The German writer and poet Heinrich Heine once said, “Where words leave off, music begins.” But, perhaps the power of music goes beyond expressing what can’t be said in words alone. Could music and language be intertwined, and could music also be a tool to help you learn those words in the first place?
A study by researchers at the University of Edinburgh in Scotland found evidence that singing can help facilitate foreign language learning. Sixty adults participated in the study, which involved 15 minutes of listening to Hungarian phrases and then repeating the phrases normally or through song. When the participants were tested on the material, the researchers discovered those who used singing scored higher than the others. Great news for music and language lovers!
Here are some of the ways music and language interact and how music can help you learn a new language:
Music And Language Memory (all alone in the moonlight)
One of the amazing qualities of music is its ability to be used as a mnemonic device. We’ve all learned songs in school to help us memorize things like the alphabet, the 50 states and even the process by which a bill becomes a law (Schoolhouse Rock, anyone?), but music can also be very useful in committing a new language to memory. The best songs for this purpose are catchy, fun and fairly simple. You can listen to them again and again and, with any luck, you’ll know all the words in no time! Madalena Cruz-Ferreira, who has a PhD in linguistics, explains in her “Being Multilingual” blog that the key to music’s role in memorizing a language is that it allows for “chunking language.” The rhythmical beat of the song makes the lyrics really stick in your brain.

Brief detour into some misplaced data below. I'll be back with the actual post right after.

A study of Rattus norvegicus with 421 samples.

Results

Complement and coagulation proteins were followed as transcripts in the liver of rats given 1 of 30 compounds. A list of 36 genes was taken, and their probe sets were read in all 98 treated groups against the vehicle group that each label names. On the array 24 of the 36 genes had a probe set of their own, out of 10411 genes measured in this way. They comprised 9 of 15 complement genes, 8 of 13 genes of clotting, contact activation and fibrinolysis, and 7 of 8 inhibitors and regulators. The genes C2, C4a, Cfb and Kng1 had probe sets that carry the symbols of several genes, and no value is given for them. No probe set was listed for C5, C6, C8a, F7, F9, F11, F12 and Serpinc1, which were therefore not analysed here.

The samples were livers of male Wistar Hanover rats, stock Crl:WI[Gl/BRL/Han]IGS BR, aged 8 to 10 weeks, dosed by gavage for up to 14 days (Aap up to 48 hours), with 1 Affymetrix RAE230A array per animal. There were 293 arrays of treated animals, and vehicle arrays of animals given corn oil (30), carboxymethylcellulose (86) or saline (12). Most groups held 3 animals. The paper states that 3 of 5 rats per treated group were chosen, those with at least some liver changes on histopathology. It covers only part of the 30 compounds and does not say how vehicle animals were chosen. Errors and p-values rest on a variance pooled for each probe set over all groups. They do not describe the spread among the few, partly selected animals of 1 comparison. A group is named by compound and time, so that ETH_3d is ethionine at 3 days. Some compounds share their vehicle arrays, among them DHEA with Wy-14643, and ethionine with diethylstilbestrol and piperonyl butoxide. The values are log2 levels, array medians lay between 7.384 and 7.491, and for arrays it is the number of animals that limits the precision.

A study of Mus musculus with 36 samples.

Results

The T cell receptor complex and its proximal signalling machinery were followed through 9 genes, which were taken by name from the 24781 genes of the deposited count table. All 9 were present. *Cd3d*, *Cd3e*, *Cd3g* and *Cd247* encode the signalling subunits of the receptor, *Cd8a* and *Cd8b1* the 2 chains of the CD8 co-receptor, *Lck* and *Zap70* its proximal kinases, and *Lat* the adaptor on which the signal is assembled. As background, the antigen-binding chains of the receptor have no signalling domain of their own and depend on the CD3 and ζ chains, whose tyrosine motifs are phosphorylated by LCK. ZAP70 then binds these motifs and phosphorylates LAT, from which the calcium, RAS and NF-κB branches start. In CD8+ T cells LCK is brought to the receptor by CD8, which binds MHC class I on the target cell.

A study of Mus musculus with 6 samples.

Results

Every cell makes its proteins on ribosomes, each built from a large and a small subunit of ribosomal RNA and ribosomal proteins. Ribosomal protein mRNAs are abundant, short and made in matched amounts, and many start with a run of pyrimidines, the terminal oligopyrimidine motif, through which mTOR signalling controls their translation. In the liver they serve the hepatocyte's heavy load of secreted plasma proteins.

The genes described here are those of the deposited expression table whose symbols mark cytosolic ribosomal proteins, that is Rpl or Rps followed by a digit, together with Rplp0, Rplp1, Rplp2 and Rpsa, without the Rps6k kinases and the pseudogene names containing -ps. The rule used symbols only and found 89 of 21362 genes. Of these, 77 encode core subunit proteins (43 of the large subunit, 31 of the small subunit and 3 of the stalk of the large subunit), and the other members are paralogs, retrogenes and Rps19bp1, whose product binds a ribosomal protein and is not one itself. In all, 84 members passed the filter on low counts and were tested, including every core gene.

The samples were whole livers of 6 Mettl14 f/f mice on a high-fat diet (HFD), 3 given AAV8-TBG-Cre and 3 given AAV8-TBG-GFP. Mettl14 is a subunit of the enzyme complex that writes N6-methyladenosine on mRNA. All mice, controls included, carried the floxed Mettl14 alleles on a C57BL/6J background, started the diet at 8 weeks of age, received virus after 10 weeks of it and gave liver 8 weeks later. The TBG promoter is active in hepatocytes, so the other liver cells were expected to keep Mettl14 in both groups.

Let’s Give ‘Em Something To Talk About
If you want to actually speak a new language, rather than just read and write it, listening to music can be a valuable resource. Native speakers tend to talk quickly, but singing can slow things down quite a bit, making it easier for you to take in what’s being communicated. This is particularly helpful with nailing pronunciation. For instance, you’re never going to mispronounce La Bamba because the song is permanently ingrained in your head. In a commentary for The Guardian, journalist Jonross Swaby tells the story of how listening to a song in Spanish every day helped him master rolling his r’s. The catchiness and repetition implanted the sound in his head, and one day he could roll his r’s without even thinking about it.
(Bird is) The Word
In addition to memory and pronunciation, learning songs in another language can be a great way to pick up new words and phrases. There are a few reasons for this. First, as mentioned above, singing tends to slow down the language, allowing you to pick out specific words and phrases that you might otherwise miss. Second, music puts these phrases into a new context that can help you understand how to use them in your conversations. Finally, going back to memory, the melody of the song will probably get certain lines stuck in your head, until you know them by heart, whether consciously or subconsciously.
Music can be an extremely useful resource to help entrench a new language in your brain. We’ve compiled a playlist of some of the most popular songs to help with learning Spanish. So pop your headphones in, press play, and start learning!